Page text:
Facebook has long been a purveyor of clunky junk of zero utility. No really, outside of its core "post things here and selected friends will see it" timeline and newsfeed features it has struggled to make popular different kinds of digital products.
Its latest ill-conceived idea is likely to join its corporate scrapheap of history, and here's why.
"Say Thanks" is supposed to be a way to send a video "card" to a Facebook friend. It will auto-generate a video composed of still images yanked from user timelines, or status updates that it thinks somehow relates to you and your chosen friend.
There are several bum notes that make it laughably bad. For one, it doesn't recognize relationship statuses (like, say, wives or husbands, parents, children) so everyone is either an Old Friend or Friend. It's basically an animated slide show, but not a very customizable one (you can preview what the videos will look like here). You can't edit any of the lame stock phrases that appear on-screen. All the videos start with "Hey FILL IN FRIENDS NAME HERE" followed by graphics, followed by "You're an awesome person" or "We've had a wild ride" or maybe "And I'm glad we met" and usually ends "Thanks for being a friend."
The length of the video depends on how many interactions you've had on Facebook, I've seen videos as short as 30 seconds with people I guess I shouldn't call friends, and some longer than a minute with extra phrases like "We've seen some amazing things" or "and we have the memories to prove it." The photos also don't have any relevance sorting. Like, when I previewed the card for my wife, it did not lead off the memorable photos with pictures of my son's birth. It seems chronological, but not strictly so.
The total package feels like a cheesy flash-based e-card from the early days of the Web. The tool is powerful, it very quickly pulls photos and status updates into a video, but the editorial impact of this technology feels like something a 9th grader would make on Power Point. Twee, saccharine and dopey doesn't begin to cover it.
I'm not trashing "Say Thanks" because it amuses me to do so (though, it does). I'm doing so to point out the obvious problems with something that clearly took a lot of development man hours and has been promoted widely (all the Silicon Valley blogs posted on this based on the press release, Techcrunch said it reminded them of Flipagram).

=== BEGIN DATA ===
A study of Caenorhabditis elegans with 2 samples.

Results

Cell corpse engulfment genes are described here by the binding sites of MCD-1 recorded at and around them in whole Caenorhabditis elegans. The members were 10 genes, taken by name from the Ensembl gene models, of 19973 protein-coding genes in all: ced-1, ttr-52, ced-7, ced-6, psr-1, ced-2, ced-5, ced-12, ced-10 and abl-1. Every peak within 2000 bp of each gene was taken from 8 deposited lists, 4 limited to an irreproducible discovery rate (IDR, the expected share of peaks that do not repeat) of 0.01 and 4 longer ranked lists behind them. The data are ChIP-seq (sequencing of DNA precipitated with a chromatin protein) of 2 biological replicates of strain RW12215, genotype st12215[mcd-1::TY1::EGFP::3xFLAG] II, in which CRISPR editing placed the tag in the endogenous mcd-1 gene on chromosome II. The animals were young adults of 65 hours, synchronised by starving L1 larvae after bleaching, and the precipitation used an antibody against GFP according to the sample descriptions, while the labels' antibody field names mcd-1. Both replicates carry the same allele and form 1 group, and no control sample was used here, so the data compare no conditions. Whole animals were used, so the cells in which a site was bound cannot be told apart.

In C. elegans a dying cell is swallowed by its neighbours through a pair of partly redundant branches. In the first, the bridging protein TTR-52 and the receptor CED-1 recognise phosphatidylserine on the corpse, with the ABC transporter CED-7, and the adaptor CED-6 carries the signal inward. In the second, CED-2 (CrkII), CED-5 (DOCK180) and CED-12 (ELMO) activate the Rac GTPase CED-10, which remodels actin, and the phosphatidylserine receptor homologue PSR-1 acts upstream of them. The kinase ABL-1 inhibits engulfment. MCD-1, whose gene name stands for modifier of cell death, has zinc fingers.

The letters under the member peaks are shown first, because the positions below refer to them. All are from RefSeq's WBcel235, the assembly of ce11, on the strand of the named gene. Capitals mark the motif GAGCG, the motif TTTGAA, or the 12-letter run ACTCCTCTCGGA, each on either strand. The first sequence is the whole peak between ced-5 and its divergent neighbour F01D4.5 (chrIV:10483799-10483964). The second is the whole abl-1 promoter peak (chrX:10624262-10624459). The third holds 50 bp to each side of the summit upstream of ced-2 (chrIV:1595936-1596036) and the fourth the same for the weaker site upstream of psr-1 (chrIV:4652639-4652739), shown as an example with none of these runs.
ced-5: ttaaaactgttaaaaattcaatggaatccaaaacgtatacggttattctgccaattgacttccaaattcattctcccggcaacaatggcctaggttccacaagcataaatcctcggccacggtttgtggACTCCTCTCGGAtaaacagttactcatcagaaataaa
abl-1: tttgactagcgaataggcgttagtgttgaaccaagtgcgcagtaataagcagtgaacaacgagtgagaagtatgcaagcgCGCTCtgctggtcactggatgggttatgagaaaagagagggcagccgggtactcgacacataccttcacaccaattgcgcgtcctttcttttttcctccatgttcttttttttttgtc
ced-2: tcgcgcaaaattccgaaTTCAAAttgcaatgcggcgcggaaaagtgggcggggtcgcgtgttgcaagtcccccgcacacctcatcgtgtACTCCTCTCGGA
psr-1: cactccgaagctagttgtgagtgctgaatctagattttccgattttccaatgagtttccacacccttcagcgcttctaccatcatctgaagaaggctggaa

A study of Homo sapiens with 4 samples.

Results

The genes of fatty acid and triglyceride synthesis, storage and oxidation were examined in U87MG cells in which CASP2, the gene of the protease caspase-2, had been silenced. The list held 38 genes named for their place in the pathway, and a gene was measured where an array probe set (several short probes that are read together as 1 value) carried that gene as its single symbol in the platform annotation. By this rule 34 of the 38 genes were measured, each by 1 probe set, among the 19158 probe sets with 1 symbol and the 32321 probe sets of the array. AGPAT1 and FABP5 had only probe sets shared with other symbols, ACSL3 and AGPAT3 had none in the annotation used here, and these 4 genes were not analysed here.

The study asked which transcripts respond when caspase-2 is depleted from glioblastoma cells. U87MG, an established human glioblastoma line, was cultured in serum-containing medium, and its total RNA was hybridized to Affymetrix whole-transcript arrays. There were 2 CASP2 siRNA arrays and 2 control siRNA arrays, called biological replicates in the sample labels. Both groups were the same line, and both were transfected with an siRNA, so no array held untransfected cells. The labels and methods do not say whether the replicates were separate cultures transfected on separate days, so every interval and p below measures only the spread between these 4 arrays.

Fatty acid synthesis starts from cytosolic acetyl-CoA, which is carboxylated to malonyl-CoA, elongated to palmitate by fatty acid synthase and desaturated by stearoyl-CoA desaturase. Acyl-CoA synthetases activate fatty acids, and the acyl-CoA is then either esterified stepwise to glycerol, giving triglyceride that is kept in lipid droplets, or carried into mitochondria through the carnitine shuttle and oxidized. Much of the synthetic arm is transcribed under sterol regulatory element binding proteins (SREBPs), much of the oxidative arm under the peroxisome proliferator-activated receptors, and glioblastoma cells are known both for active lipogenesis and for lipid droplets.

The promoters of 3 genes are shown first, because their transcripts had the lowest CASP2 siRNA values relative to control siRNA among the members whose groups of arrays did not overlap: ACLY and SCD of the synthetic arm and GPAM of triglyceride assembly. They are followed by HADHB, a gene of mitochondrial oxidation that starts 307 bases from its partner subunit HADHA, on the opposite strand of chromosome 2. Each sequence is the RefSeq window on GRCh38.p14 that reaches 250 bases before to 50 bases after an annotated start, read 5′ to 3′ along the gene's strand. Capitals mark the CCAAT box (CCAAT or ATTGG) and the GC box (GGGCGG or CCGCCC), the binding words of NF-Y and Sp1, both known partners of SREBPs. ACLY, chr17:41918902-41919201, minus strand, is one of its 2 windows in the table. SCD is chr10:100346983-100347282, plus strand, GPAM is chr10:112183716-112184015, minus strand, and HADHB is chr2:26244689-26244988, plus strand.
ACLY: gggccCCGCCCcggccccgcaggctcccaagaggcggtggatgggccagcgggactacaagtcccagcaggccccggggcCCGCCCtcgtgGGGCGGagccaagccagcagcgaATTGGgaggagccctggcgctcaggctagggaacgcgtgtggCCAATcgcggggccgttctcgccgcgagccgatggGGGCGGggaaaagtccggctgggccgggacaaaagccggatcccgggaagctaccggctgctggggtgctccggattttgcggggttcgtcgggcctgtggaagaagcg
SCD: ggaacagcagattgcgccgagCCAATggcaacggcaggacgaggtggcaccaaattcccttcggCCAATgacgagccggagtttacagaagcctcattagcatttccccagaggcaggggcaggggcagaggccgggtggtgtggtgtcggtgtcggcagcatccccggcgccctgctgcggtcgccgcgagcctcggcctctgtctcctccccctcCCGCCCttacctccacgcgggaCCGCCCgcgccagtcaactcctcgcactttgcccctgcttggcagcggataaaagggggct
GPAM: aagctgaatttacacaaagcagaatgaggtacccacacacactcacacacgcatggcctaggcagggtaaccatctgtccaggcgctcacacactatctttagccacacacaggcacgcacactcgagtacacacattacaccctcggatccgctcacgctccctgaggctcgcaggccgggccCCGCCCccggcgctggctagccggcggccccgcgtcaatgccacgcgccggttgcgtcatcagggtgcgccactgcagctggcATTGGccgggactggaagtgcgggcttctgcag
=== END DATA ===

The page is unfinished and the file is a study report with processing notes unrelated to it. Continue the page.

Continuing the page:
Worse, Facebook does this all the time. There have been so many product failures that I had to go looking for a list to remind myself, even BI's incomplete tally was plenty: Facebook e-mail, Facebook's Groupon-battling deals system, they tried to do a Google Docs killer, its Beacon system didn't work (it has been revamped into its ad product), the Places Foursquare fighter didn't work as a standalone, Graph search is not a critical tool, the Home app did not survive, Poke ephemeral messaging was a flop. I don't know how well its celebrity app, Facebook Mentions, works but celebrities are a niche group, obviously.
Lord, remember Gifts? The virtual nothings you would send to people starting way back in 2008? They wanted money for some of those things. Insane. Eventually they morphed that into a push to make you buy actual physical gifts and have them delivered (that's over too).
Messenger is Facebook's first (only?) successful "brand extending" app, and that's because it took a feature of desktop Facebook (chatting) and forced you to download a separate app if you wanted to use it on mobile. It has purchased, for billions, its other two vital app services: Instagram and Whatsapp.
Let's contrast that with Google, a search engine that also created these hugely successful extensions of its services: Gmail, Maps, News, Drive (cloud storage and Google Docs host), Calendar. It bought YouTube (which has exploded under its management). Did I mention Android? Even their flops and sun-setted products are interesting ideas (Google Plus, Google Glass, poor discarded Wave, Google Reader).
Facebook is a giant, it is growing all the time, its revenue is off the charts. But it is miserable at creating new products for the audience it commands. It needs to get better at that, and then maybe we'll have something to "Say Thanks" about.